It’s a rare opportunity to be able to sit in the presence of the master of a craft, and to learn from that master. Yet that is just what a small group of Calgary singers did Wednesday evening.
Sitting in an Eau Claire apartment, about a dozen musicians participated in a jazz vocals workshop with Sheila Jordan, a singer who pioneered the singer and upright bass performance style that would become the hallmark of her career.
The singers came with a variety of professional polish and experience, a group that included backup singers, music teachers and even bankers.
For those singers, working with Jordan was like a brown belt karate student sitting at the feet of a real-life Mr. Miyagi, complete with the nerves.
Calgary singer Varnia Henry had some concerns about the song selection she was going to share, with Jordan sitting front and centre.
“I was a little bit nervous about the key, and then, yeah, I was nervous about what she would say,” Henry says.
“I was actually expecting more critique because you know, you’re thinking, ‘Wow, it’s Sheila!,’ and, ‘Let me just do a half-decent job.’ So, a little nervous.”
Nerves were evident early in the night, right from the warm-up exercise that had the singers improvise over a blues round played on baby grand piano by accompanist Andrew Glover. Some warbled a little off-key, some deflected attention with self-deprecating jokes, some blushed with embarrassment, and some singers with obvious vocal power struggled to rein in the force of their pipes.
“We’re doing one of the worst things: singing in front of a bunch of singers,” Jordan said during the evening as she was doling out some criticism for one of the singers.
Jordan had each of the singers perform a jazz song with piano accompaniment, and instructed them how to communicate with Glover to set up the performance.
As each selection was sung, the jazz great whose career has spanned nearly 80 years, offered advice tailored to each performer. For some, it was to learn the original material better. For others, it was to rearrange the instrumentation and rework parts of the song. And for many, it was to adjust the key to better fit the singer’s vocal range and to fit the feeling of the song.
For the two songs selected by Louis Riel music teacher and jazz singer Glennis Houston, Jordan suggested a pitch a step down. That didn’t come as a surprise to Houston.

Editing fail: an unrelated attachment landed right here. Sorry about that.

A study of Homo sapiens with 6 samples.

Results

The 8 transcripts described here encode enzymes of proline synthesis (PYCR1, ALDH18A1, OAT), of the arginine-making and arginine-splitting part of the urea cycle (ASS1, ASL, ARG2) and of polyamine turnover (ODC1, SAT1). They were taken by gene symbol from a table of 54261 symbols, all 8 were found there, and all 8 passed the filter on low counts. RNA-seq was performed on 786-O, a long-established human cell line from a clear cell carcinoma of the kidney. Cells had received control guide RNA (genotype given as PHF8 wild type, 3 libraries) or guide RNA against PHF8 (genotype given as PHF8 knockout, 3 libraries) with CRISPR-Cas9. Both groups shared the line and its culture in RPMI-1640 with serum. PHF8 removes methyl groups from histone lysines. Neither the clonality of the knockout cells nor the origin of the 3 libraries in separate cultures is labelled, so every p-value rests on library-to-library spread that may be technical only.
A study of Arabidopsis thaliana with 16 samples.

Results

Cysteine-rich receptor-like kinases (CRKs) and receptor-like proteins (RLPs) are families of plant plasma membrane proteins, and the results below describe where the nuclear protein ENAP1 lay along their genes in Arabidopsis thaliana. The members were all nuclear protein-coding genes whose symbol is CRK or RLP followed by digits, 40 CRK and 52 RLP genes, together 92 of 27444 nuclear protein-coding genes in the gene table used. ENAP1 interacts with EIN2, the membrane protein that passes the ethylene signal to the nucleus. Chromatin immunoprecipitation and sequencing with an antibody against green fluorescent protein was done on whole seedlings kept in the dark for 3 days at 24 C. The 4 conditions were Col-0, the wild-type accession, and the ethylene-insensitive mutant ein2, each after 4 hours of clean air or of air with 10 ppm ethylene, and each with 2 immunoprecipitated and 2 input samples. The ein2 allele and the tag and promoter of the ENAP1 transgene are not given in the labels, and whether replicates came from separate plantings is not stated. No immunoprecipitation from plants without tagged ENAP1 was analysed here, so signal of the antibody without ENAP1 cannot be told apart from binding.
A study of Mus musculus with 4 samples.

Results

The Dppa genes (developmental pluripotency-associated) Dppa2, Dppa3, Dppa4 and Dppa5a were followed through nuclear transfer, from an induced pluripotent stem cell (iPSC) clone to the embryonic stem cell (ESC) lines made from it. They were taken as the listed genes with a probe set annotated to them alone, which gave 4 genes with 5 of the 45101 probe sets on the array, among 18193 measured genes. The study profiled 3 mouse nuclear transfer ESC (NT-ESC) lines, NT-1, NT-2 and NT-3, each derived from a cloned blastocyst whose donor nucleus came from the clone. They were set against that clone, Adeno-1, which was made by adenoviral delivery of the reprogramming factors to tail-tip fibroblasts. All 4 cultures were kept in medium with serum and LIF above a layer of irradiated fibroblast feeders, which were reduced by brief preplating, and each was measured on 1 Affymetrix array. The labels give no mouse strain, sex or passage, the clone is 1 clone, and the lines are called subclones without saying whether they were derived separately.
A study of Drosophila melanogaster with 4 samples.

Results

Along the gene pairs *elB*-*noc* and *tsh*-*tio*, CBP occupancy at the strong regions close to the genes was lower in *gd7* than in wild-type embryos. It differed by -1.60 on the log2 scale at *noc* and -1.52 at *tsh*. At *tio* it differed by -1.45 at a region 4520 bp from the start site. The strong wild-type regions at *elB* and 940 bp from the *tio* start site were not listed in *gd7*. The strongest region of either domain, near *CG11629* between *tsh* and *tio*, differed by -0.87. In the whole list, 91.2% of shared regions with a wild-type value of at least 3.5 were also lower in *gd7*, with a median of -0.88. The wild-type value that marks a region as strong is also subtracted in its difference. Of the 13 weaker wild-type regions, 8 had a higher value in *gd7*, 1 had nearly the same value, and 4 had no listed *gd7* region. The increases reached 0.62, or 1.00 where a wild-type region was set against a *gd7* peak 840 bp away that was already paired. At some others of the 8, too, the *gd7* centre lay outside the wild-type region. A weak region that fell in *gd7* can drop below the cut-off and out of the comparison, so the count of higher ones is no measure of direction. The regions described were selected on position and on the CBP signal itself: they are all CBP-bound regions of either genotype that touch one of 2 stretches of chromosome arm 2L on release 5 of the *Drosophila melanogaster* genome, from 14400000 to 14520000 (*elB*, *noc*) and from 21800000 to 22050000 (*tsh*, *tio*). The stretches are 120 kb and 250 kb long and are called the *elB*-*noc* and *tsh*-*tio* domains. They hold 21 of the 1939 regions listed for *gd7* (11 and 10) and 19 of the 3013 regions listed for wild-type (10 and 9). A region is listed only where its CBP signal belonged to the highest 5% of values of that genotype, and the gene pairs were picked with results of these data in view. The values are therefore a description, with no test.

“We play around with keys a lot. Sometimes, when we’re doing that on our own in our own studios, it depends on any given day.”
All of this advice was offered by Jordan on a take-it-or-leave-it basis.
“Take whatever you want from me. And if you don’t like it, give it back and I’ll give it to someone else,” Jordan said to laughter.
“When I teach, I have a feeling that if I can give any of the young singers encouragement to keep doing the music (jazz), it will stay alive.”
“I’ve got a lot of great satisfaction from teaching,” Jordan said before the workshop. “I get the same kind of thrill teaching.”
The musicians that Jordan has connected with, starting in the 1950s in New York City, reads like a first-ballot list for the Mount Rushmore of jazz: Charlie Parker, Thelonius Monk, Charlie Mingus, Billie Holliday and more.
“I’m very grateful. I’ll be 90 in November. I started doing this music when I was 14. Not professionally, don’t get me wrong, but I was turned on to it when I was a kid,” Jordan said of her roots in song.
“I sang out of the need to sing. Not because I wanted to be anything, except I was growing up in very hard times: poverty-stricken, a lot of alcoholism in my family, a lot of unhappiness, and the only way I felt free from all of that was singing.”
Wednesday night was the third time Jordan had been in Calgary since 2005. As the evening wore on, the participants got much more comfortable in their performances in front of Jordan and each other, with more raucous laughter and applause after each song.
“I also had my friends here,” Henry says, “so I was probably way more comfortable than if it was just me and her one-on-one, just because I have my friends for support.”
Organizer and blues/jazz singer Elsie Osborne has been developing a friendship with Jordan since the late 1990s, and credits that friendship for Jordan’s continued support and tutelage of the small group of Calgary singers.
“She came because her friends asked her to. We can’t pay her what she’s worth,” Osborne said after the workshop. “Her dedication to supporting other singers and supporting the music is much stronger for her than the money.”
At the start of the evening, Jordan encouraged every singer to work at their craft, saying, “Don’t give up. As I said, you might have to support the music until it can support you.”
Osborne says working with enthusiastic students reassures her of the future of the century-plus-old art form.
Sheila Jordan plays the Lantern Church, 1401 10th Ave S.E. on Thursday night, with Andrew Glover on piano. Jordan will also be playing at the Edmonton Jazz Festival June 28 with bass player Cameron Brown.